OHSAA plan more about its budget

A flexible regular-season schedule of at least six games with expanded high school football playoffs is the new plan. The Ohio High School Athletic Association lost its spring sports season and, more importantly, the winter sports postseason because of the COVID-19 pandemic.

Money was lost by the OHSAA. According to the organization’s financial statements ending the 2018-19 school year, the basketball state tournament amassed $843,041, track and field was $575,216, state wrestling was $532,094 and girls state basketball was $456,135. Those are the second through fifth top moneymakers for the OHSAA, the governing body for member schools in Ohio.

Those net numbers are for the regional and state tournaments combined.

The OHSAA states 78 percent of its revenue comes from ticket sales at tournaments.

You’d better believe the organization was all about a playoff system in which all teams could participate after a six-week season. New regions will be determined in September.

All of this is a money grab by the OHSAA. Yes, it provides a season, but it ensures the financial stability of the organization, which needs a cash influx in the worst way possible this fall.

It was a move made without the consultation of the Ohio High School Football Coaches Association, which did make proposal guidelines to Gov. Mike DeWine’s office and the OHSAA for football to be played. The OHSFCA’s seat at this table was placed way outside the I-270 loop around Columbus.

“We were not consulted,” OHSFCA president Tom Pavlansky said. “This presents a challenge. The plan is well-intentioned. This does create more questions, more challenges for our coaches and for our member schools in terms of scheduling.

“The coaches association, as in our proposal, remains eager to work with the governor’s office and the OHSAA to ensure a responsible fall season.”

During the 2018-19 season, the OHSAA earned $1,932,333 from the football state tournament in their net earnings. That accounts for about a large bulk of the money from state tournaments in 2018-19. You better believe the OHSAA needs this football season, more like the postseason, to happen. If not, financial trouble is afoot for the organization.

Locally, teams are scrambling to readjust their schedules. How does this affect the current game contracts, especially non-conference opponents?

According to the OHSAA, “at this time, all regular-season contracts are voidable for football. Bylaw 7-1-7 indicates that acts of God, force majeure, or similar circumstances gives both the schools and the OHSAA the ability to make game contracts voidable.”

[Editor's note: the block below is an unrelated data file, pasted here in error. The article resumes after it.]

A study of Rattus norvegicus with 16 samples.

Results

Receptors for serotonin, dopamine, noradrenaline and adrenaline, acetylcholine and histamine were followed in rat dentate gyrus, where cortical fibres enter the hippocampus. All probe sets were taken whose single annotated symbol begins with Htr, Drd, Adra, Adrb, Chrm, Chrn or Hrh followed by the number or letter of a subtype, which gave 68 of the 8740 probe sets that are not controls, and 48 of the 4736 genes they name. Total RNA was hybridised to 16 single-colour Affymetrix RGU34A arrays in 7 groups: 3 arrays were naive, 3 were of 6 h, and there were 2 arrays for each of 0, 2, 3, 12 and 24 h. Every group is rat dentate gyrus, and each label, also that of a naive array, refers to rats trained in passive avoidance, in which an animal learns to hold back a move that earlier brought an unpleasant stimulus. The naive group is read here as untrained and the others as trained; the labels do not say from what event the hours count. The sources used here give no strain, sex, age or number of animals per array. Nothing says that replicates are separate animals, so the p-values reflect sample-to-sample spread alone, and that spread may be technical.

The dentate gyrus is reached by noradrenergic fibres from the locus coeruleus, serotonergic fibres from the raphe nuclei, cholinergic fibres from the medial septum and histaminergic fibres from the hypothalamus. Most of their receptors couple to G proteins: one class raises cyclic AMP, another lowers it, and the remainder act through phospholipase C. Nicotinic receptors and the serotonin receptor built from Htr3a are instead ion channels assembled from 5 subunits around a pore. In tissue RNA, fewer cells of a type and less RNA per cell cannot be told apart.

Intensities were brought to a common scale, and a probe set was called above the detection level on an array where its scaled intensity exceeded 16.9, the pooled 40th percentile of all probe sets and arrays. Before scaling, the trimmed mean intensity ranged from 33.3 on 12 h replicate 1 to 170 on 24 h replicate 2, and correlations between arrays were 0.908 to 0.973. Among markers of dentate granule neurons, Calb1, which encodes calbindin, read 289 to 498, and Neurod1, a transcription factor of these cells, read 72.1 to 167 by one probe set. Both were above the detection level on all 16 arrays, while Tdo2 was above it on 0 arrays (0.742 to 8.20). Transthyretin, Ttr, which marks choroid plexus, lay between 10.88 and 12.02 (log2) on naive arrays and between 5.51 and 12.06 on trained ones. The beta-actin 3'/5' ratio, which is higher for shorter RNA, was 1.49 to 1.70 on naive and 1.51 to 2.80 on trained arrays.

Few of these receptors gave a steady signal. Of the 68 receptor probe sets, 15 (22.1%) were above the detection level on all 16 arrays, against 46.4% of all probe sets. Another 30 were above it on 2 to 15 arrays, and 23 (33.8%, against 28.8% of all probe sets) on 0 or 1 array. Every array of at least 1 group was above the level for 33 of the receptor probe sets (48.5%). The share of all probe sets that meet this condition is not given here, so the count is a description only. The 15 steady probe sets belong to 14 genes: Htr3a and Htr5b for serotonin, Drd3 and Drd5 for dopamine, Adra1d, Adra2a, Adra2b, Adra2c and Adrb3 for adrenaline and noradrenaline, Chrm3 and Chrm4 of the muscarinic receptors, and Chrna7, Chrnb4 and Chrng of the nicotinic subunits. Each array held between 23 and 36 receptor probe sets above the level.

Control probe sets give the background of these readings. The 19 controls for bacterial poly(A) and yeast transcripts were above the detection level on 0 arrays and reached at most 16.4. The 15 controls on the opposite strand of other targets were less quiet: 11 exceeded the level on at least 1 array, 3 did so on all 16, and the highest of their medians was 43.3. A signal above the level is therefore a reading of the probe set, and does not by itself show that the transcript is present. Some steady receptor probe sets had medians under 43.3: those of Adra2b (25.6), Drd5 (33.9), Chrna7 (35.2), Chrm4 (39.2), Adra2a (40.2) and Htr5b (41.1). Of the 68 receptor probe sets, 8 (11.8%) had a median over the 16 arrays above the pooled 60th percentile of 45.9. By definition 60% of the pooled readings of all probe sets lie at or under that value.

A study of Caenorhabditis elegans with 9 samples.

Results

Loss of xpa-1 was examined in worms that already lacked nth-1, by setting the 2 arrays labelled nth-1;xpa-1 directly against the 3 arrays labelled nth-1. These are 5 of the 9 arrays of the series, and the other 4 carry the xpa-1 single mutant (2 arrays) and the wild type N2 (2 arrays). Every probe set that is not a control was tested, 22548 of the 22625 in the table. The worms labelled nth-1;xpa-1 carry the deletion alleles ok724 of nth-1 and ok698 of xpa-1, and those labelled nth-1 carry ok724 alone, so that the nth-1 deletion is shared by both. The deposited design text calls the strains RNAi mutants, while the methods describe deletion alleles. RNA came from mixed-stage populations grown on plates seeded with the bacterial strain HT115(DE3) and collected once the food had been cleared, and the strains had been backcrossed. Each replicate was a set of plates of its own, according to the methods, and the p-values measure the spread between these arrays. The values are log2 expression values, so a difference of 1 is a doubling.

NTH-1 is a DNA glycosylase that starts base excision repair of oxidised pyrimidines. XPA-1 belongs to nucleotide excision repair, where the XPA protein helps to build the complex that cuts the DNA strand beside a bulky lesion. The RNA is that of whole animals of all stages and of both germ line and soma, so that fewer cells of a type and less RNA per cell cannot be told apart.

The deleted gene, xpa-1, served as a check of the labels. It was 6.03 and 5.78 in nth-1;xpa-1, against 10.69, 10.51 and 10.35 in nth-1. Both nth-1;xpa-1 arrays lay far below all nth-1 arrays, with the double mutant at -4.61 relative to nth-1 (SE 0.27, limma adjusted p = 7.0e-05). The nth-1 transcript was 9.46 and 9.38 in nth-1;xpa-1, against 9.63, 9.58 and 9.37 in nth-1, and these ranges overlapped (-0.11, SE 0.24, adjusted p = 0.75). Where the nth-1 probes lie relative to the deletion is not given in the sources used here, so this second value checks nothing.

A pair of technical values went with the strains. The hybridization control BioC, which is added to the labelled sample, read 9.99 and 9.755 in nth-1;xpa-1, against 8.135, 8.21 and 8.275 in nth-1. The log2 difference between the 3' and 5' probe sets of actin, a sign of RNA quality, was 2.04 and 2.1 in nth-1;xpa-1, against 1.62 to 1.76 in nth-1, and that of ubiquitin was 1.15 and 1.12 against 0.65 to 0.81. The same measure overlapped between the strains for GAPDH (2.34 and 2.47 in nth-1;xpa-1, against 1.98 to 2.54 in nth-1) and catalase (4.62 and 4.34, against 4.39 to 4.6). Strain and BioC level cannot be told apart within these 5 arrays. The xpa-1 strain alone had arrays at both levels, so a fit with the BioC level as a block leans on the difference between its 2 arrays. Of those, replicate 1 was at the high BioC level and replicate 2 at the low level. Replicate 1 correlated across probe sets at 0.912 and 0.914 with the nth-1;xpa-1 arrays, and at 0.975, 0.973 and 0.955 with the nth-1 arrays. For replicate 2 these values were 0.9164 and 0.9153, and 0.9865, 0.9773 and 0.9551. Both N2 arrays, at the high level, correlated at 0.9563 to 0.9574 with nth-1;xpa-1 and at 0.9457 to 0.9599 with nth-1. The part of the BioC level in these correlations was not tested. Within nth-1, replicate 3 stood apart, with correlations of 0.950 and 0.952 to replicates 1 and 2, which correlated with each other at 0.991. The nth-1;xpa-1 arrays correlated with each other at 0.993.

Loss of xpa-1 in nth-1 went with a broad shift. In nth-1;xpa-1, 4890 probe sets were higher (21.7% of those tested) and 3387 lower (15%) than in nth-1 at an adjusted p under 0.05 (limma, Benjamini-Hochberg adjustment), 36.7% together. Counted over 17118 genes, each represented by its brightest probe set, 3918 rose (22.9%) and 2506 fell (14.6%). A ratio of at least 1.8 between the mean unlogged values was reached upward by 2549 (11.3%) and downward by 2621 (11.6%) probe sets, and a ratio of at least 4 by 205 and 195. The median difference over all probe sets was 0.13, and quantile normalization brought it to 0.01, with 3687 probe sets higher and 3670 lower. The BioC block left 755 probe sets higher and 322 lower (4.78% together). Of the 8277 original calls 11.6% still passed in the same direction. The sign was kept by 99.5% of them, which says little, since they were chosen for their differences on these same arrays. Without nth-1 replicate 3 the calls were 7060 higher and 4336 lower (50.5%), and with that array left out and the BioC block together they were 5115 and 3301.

What happens to out-of-league rivalries, which are a local moneymaker for schools? Area schools need this football season to happen for their own financial well being.

Canfield and Poland were supposed to play Week 1. Howland was slated to play rival Niles. Howland and Canfield are independent teams, trying to scramble for opponents. Neither one has a league. The same goes for Harding, Fitch, Kennedy and Boardman.

The playoffs start Oct. 9 and go until Nov. 21. Teams do not have to participate in the postseason, it is optional. Teams can play a 10-game schedule from Aug. 24 until Nov. 14.

Leagues like the Northeast-8 and Mahoning Valley Athletic Conference have established league-only schedules.

If your team and a non-conference opponent are no longer in the playoff picture, you can play each other until Nov. 14. But really, isn’t that more of a scrimmage at that point?

The bigger picture is how do athletic directors and school administrators move forward with this being thrown in their laps on a Friday afternoon?

Schedules are fluid, just like everything else in this confusing era of the COVID-19 pandemic. I didn’t know the word fluid could be such a derogatory word.

The whole six-game plan is like a house of cards at this point with the Ohio Department of Health, unless it changes its collective mind about spectators at games. How many will there be allowed if there are any? Local schools rely on ticket income as much as the OHSAA.

Contact sports can practice, but are they going to have a season even after the Big Ten and Pac-12 conferences canceled their fall seasons?

The OHSAA said in a memo to its member schools: “It should be noted (and as previously communicated) that school vs. school competition in football (and the other contact sports of soccer and field hockey) will not move forward unless the Ohio Director of Health’s order is amended.”

The OHSAA and member schools can make plans, but it seems no one gets any funding this year without the ODH’s stamp of approval for contact sports.

That, like everything, is a fluid situation.